I knew from all of the books I read, and mom’s I talked to, that getting you to sleep in your own crib/bed/room was going to be one of the hardest battles I faced as a parent, but one of the most worthwhile. When I was pregnant, I held firm that I was not going to give you blankets or pillows, and that sleeping with you in my queen sized bed was an absolute no-no. And then you were born.
Your dad was supportive of me not wanting to co-sleep. He knew that it made me so nervous to potentially roll on top of you, or suffocate you, or somehow hurt in. So the first month either him or I stayed in the recliner, where you slept on our chests. A few times we got brave and gave co sleeping a try, but to no success. I was reluctant to hold you, or have you next to me because my fear was so great. Dad held you on his chest, and it seemed to be okay.
And then one night I woke from my
slumber brief attempt at sleeping to you shrieking in fear as you rolled from your father’s chest. It wasn’t a quick roll, but something you had probably been working on for a few minutes: a slow slip from the comfort of his sternum, to the crook in his armpit. Suddenly, that crook shifted in his sleep, and you felt a gaping hole between you and no support.
Instinctively I snatched you from near death (it may seem I am being dramatic here but I am not). You were less than an inch from rolling off the side of the bed, unable to control your neck and head. My heart was pounding out of my chest as I slapped your father who was too deep in sleep to wake up. I was done with cosleeping.
So we tried a little harder for you to sleep in your bassinet. You would do okay, and then have nights of pure agony with baby gas and fussiness and it would just not suffice. Then one night you fell asleep on my chest, and I gently laid down in bed, too exhausted to fight my fear of cosleeping. And when I awoke, you were nuzzling into me, searching for the breast, but my arms hadn’t moved. It had been four hours, and my hands and arms didn’t move one inch. They were numb from lack of blood flow, but I kept you safe in my unconscious state.
When side-lying nursing was accomplished after weeks and weeks of failure, co-sleeping got even better. We could manage to go to bed and you would wake to nurse, and I would get you latched and then BOOM, I could sleep. Together we spent your second month of life getting fairly decent sleep!
I knew that by age three months I wanted to transition you to your crib. Granted, I thought it would be from the bassinet and not cosleeping, but still. At two months of age when you had a fairly regular schedule or pattern, I put you in the crib for naps. Some days were better than others, but you were learning. I grew to enjoy your naps in the crib, since you were safe and secure, and I could get things done. You were also more comfortable in the bassinet, able to go down for the first leg of the night before joining me when I came to bed later. Things were going great.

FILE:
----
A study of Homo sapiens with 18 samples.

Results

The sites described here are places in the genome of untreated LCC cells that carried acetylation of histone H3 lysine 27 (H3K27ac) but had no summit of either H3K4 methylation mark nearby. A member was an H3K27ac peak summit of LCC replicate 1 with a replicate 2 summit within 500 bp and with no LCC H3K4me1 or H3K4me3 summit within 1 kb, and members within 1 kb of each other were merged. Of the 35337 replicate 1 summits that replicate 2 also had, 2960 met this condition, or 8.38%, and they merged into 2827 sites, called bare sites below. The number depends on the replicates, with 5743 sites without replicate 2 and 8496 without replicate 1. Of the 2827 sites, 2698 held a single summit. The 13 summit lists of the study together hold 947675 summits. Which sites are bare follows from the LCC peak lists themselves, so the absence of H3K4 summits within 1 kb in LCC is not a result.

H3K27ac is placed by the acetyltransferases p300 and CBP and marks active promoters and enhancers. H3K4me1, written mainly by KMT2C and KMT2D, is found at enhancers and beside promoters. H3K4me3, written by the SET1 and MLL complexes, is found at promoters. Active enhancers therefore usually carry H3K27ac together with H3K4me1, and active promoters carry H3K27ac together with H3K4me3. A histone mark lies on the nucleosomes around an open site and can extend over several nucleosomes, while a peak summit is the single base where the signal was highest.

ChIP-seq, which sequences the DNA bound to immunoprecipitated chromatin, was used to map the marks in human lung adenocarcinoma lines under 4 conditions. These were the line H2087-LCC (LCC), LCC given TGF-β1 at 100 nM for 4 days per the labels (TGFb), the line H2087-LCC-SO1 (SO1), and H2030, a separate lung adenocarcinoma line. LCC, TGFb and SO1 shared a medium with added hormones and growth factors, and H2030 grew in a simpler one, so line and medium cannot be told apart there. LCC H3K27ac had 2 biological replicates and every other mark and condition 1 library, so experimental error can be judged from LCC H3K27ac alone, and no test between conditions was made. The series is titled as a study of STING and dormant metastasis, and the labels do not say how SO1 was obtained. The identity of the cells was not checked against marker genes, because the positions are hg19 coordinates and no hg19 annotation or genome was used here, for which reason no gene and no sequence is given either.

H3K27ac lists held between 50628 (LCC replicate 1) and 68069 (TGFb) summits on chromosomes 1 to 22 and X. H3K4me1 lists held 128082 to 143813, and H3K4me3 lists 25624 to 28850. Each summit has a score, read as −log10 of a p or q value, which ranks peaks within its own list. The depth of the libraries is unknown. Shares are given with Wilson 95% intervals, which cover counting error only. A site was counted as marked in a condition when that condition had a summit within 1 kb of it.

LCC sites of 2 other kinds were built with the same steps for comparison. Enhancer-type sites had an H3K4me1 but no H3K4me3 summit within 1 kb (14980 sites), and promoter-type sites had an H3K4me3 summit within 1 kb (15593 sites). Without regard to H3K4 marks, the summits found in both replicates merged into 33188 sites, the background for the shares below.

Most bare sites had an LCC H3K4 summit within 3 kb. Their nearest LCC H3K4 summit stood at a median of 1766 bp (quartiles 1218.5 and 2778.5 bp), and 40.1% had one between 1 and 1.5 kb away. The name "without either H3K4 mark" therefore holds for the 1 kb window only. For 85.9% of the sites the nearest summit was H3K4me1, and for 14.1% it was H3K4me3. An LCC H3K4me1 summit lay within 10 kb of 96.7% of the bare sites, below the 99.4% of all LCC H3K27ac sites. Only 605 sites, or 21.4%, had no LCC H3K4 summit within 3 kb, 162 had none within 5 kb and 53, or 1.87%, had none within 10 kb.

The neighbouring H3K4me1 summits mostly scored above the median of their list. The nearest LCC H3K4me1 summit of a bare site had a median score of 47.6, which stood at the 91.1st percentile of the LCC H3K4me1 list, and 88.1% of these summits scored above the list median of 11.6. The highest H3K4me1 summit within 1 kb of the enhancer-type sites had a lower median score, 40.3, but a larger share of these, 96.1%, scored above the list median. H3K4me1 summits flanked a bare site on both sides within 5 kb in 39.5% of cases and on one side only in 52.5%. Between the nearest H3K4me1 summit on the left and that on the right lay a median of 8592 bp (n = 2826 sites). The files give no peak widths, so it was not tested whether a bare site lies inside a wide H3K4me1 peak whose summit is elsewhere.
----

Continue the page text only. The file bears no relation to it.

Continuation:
Halfway through month two, I laid in bed snuggling you. Breathing in your freshly bathed hair, smelling the top of your head. You still smelled like a newborn, but it was fading. It wasn’t the pure, baby smell you had when you were just mere hours old. Time was passing. I cried that night, and the next, and the next, realizing that you would eventually not want to snuggle with your mum. The count down to the invisible deadline of three months was coming, and I wasn’t ready. I truly cherished snuggling you more than any other time. As I laid there on those nights of January, I realized that it had been a while since you “treefrogged” your limbs across my waist and fell asleep. The next day I tried to rock you to sleep that way, but you would’t do it. You weren’t comfortable that way anymore. A phase of your life I loved had already come and gone.
It is now February 15th, 2016. You’re still a “two month old” for three more days. I got home from my workout to find your dad had put you to bed- the same as other nights I worked out. Sneaking into the bedroom trying not to disturb you, I rummaged for a pair of pajamas. I peered into the bassinet- you weren’t there. Glancing over to see you in our bed- you weren’t there. You were in your crib.
And there it was.
The very thing I wanted when I was pregnant, for you to sleep on your own in your crib, you had done. I had my bed back. I sit here, typing this up because a piece of my heart is broken. Our co sleeping days are not over- I know you will wake around 2am, or 5am, depending on how full you are, hungry. I will pick you up and bring you into bed with me. Or maybe tomorrow you won’t want to sleep in the crib even for your afternoon naps. But it is not the same. You have done it tonight, and it is a reminder that my time with you this little is short. The sad articles, poems, and anecdotes I read on my Facebook timeline are real, and one just happened to me. It wasn’t that I didn’t get to wash your hair, or help you get dressed. But it is the beginning of those things: the start of you not needing me.
I will cry tonight, because I love you. I hope you always need me, my sweet, baby bean.